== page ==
For the most part, when a huge corporate client withdraws a multi-million dollar account from a company that relies on that revenue for their own livelihood, panic might set in. A sense of impending doom, certainly. Anger, probably.
In the case of Facebook — in this example, the company that relies on that ad revenue to fuel their own growth — this recently did happen. GM — their huge corporate client — recently pulled their entire advertising budget out of Facebook’s paid advertising, instead choosing to focus primarily on Facebook’s free brand pages, and other forms of advertising.
For a company that is set to IPO tomorrow, with an estimated valuation of over $100 billion, GM’s seeming disapproval of Facebook’s ad program would appear to be a giant blemish on Facebook’s record, signaling the beginning of a mass exodus away from the massive social network’s ad network.
Questioning Facebook’s Effectiveness from a User Standpoint
Certainly, there have been many-a-question raised about Facebook’s own practices — its transparency, user-privacy, and what it does with user-information — but one thing that generally avoids the media’s attention, in part because it might not be the most interesting thing to report on, is the issue of advertising, and whether or not Facebook ads are actually effectiveness.
A recent Associated Press-CNBC poll found that while 82% of Facebook’s revenue from the first quarter of 2012 came from advertising — 82% of over $1 billion — all of that revenue is generated by less than half of the users on the ubiquitous social networking site. As the poll found, 57% of users indicated that they ‘never’ click on Facebook’s ads. Even more dispiriting, 83% of total users indicated that they ‘hardly ever‘ click on Facebook ads. Beyond that, less than half of those surveyed indicated that they trusted Facebook as a place to purchase goods through. For large and small businesses hoping to find marketing success through Facebook and its ad programs, these numbers aren’t good.
Starting to Panic?
To add insult to injury, Facebook — in light of their impending IPO — recently saw a quarter that, despite a huge increase in revenue, saw a not-so-insignificant decrease of 12% in profit. Facebook chalks that up to a bad ad season, but skeptics on Madison Avenue — home to some of the most premier advertising companies in the world — still remain. There still lies the question of whether or not Facebook’s ads are actually effective not only in driving its own users towards individual brand pages, but also in creating a ROI for those advertising dollars.
And further, with Facebook relying primarily on banner ads for their revenue — something that, in recent studies, has proven to be minimally effective – it would then seem that Facebook’s reliance on dated advertising methods is more of a hamstring than a proponent to their overall growth.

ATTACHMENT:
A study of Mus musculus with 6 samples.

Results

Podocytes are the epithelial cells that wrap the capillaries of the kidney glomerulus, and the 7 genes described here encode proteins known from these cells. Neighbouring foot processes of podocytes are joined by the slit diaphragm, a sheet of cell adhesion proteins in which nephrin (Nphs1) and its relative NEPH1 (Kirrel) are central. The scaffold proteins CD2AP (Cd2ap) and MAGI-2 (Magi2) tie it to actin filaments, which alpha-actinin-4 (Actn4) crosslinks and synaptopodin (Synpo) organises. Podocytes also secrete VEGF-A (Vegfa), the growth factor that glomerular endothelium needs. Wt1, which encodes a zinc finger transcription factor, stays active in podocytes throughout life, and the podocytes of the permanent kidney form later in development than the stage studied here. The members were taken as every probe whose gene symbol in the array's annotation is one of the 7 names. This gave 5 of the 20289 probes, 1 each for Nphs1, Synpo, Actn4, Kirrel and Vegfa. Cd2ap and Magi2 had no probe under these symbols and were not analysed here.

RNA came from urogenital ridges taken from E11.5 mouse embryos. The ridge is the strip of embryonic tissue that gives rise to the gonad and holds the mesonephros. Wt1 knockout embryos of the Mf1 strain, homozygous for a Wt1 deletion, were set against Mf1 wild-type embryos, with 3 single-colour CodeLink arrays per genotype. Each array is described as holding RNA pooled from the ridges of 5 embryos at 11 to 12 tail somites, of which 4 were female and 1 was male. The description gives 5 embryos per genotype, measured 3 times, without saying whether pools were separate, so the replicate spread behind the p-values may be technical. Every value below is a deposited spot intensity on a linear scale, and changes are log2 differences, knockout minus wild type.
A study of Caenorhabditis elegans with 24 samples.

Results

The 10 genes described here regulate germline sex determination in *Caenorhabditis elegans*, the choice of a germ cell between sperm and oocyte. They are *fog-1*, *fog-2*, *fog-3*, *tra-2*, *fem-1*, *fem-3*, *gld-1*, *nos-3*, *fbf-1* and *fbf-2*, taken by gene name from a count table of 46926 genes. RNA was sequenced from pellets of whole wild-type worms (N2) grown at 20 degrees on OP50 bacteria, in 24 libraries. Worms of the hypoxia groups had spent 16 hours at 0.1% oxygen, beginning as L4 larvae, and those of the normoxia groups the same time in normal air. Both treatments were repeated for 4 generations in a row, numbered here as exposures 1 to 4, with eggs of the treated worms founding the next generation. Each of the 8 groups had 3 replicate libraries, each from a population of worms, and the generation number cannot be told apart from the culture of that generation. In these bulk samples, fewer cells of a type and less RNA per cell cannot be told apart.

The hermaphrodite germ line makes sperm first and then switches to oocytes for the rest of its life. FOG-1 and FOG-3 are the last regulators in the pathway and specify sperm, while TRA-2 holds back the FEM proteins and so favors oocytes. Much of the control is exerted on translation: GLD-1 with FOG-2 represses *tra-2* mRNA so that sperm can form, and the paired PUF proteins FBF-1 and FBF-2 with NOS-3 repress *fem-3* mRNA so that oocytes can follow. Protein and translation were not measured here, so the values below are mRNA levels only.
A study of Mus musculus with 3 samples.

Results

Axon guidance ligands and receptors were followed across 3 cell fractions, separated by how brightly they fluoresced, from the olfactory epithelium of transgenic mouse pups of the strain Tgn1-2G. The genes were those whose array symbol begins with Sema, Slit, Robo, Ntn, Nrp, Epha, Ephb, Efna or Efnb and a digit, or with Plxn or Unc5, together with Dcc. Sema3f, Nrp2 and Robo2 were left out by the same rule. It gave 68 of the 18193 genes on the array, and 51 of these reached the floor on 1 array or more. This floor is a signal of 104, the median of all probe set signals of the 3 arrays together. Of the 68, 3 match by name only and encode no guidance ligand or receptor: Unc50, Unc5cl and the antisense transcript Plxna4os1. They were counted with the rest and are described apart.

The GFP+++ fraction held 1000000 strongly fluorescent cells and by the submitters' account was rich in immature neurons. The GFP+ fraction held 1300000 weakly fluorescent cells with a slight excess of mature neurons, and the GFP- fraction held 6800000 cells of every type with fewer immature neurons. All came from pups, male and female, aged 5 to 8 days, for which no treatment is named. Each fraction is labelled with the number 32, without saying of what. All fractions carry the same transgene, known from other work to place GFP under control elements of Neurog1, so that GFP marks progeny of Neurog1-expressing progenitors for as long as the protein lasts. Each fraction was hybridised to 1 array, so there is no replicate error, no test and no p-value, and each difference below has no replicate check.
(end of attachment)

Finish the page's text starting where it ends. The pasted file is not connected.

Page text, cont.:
Mobile Ads: The New Frontier?
And while Facebook’s ads have been seemingly floundering with low engagement rates, if any, from users, Twitter ads have proven that placing ads in users’ streams can generally be far more effective than simply focusing on banner ads.
And with Facebook’s mobile applications, mobile advertising in users’ timelines might be the next step for Facebook in terms of advertising revenue. With Facebook’s recent acquisition of Instagram, and especially recently Lightbox, Facebook has indicated that it is very, very serious about achieving success in the mobile-space. Despite having well over a hundred million users connecting to Facebook from their mobile devices, Facebook doesn’t currently place ads on their mobile network.
That will soon change, and as some have estimated, it could lead to billions of dollars in additional revenue per year for Facebook. A huge chunk of a change, for sure.
The Importance of a Like
And yet, despite GM’s recent pull-out of their estimated $10 million ad-budget on Facebook (a pittance) there still remains the fact that in buying a ‘like’, advertisers are buying a lot more than just a sale. A Facebook ‘like’ is more of a relationship that is intended to be cultivated than it is a customer that will immediately turn into real dollars. Like Google, Facebook is a free service that intends to remain free. Users are free to use it for as long as they want, and brands are free to create pages and interact with users in any capacity that they like.
But also like Google, some might choose to go the organic route — focusing on driving clicks by simply creating content that will drive those clicks — as opposed to simply placing advertising to achieve what can essentially be done through organic content creation.
But that notion — that many advertisers might choose to go the organic route — shouldn’t concern Facebook. Facebook is a seemingly inseparable part of our culture now, and they know it. Advertisers will flock to the service most likely for years, and that will drive the growth of the company.
Finally, with Facebook set to IPO tomorrow, Zuckerberg and friends should be able to rest easy knowing that, at least immediately, they should all be very, very wealthy once the stock market opens.
Source: MSM DesignZ, Inc. is a Westchester social media company based in NY specializing in advertising, web and graphic design, and SEO.